Best Laid Plans: The Tyranny of Unintended Consequences and how to Avoid Them


Historian and author Daniel Boorstin noted, "The unintended consequences of man's enterprises have and will always be more potent, more widespread, and more influential than those he intended." Today, a Google web search for "unintended consequences" summons nearly two million pages citing the unexpected impacts of government policies, new technologies, management decisions, and the actions of individuals. Unfortunate unintended consequences are becoming increasingly problematic as our world becomes globally and electronically interconnected, causing the results of our decisions to resonate across the globe. In Best Laid Plans, the author examines how any action can have cascading impacts across time, place, and sector, explaining the eight social mechanisms of unintended consequences that complicate matters and often defeat best laid plans.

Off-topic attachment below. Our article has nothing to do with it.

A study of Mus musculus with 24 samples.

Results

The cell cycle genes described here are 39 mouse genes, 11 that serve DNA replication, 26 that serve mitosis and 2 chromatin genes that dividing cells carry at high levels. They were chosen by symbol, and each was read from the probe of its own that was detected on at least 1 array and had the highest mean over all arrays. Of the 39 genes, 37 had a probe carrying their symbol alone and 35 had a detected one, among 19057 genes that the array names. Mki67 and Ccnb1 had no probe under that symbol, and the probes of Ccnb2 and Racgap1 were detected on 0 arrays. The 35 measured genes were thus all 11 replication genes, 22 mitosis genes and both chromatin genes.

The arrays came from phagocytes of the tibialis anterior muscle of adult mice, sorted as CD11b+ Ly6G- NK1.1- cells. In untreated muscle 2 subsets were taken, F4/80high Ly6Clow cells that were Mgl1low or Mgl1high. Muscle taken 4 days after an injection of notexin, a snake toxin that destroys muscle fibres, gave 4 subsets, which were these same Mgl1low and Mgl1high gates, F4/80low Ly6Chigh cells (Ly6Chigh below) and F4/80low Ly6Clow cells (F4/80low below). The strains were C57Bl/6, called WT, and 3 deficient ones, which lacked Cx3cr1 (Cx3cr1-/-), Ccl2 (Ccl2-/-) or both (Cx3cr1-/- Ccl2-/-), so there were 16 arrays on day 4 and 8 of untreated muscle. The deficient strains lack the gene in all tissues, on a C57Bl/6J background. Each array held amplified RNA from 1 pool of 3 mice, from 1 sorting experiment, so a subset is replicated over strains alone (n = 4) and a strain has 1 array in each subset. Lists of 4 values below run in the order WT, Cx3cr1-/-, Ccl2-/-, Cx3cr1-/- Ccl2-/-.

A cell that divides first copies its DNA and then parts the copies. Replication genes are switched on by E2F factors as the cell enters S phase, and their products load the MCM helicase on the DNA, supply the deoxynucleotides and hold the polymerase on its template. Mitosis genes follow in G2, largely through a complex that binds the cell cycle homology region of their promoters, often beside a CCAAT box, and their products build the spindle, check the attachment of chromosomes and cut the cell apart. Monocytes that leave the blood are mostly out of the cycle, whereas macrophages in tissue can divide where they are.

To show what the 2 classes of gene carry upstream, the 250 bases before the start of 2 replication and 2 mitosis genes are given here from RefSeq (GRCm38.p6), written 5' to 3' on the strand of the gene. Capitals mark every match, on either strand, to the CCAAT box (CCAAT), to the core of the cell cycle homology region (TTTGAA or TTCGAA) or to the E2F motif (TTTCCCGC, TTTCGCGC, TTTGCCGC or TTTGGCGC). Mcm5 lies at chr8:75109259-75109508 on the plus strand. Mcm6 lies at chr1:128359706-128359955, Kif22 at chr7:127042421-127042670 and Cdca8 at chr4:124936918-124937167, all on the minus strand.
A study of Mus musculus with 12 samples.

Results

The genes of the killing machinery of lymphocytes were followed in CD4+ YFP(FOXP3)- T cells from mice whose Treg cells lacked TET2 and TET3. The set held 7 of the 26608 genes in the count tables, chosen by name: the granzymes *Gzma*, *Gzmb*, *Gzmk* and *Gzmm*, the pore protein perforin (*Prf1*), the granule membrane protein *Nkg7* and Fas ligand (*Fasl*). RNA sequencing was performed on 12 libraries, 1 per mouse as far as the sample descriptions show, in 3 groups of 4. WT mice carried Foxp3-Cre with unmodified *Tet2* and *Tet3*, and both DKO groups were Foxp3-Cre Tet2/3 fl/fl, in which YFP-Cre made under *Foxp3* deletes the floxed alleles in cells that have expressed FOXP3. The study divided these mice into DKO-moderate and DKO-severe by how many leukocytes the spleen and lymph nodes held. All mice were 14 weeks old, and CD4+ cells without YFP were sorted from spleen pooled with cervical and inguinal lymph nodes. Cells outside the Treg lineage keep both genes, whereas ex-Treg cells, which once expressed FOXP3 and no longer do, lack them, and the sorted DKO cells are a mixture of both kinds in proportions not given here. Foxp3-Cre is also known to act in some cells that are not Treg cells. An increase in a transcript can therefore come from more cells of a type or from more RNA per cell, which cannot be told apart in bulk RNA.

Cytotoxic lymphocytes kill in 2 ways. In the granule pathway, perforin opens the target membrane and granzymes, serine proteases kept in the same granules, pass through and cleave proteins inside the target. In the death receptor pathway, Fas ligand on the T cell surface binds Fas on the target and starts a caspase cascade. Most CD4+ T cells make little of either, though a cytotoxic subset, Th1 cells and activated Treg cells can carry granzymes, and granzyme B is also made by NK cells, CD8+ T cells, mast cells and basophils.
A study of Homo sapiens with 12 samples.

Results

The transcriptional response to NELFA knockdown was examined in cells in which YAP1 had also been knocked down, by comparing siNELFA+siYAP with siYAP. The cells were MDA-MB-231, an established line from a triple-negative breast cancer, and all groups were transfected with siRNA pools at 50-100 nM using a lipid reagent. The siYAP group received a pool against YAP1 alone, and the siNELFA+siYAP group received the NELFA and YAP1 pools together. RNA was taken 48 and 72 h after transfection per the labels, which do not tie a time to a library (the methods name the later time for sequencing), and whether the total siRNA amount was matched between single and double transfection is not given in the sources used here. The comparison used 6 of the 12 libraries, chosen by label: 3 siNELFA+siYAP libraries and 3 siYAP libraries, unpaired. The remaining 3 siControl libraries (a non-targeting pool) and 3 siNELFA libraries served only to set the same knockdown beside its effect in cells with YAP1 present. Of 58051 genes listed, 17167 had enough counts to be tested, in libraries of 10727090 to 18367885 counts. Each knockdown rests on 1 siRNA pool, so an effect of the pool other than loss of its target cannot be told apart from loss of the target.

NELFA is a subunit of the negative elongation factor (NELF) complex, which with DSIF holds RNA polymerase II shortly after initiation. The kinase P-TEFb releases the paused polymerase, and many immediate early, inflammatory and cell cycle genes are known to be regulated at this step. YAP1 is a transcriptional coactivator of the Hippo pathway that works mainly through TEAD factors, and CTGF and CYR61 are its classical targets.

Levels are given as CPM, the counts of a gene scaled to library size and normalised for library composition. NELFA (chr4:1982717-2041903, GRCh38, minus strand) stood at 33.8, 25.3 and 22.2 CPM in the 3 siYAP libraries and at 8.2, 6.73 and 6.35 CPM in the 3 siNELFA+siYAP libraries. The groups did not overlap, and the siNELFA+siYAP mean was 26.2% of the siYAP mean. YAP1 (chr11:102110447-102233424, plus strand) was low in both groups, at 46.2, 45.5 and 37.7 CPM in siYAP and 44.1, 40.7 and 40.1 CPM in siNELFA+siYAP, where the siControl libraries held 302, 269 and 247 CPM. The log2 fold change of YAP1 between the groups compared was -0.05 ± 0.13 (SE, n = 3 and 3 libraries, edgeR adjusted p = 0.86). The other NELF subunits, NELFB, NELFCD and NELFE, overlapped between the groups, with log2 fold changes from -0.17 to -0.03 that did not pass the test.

Good examples and good suggestions about how to plan in order to avoid the unintended consequences. However, at this point I feel that discussion of the institutional barriers to such changes and the political actions needed to overcome them are an important part of the discussion. Read full review

Contents

Chapter 1 The Tyranny of Unintended Consequences
1
Chapter 2 The Web of Life
11
Chapter 3 The Domino Effect
29
Chapter 4 The Vicious Cycle
49
Chapter 5 The Bandwagon Effect
67
Chapter 6 The Balance of Nature
87
Chapter 8 Coming into Being
121
Chapter 9 Breaching the Peace
143
Chapter 10 Thinking through the Maze
165
Notes
177
Bibliography
191
Index
201

William A. Sherden is adjunct professor at the International Business School at Brandeis University, Waltham, MA.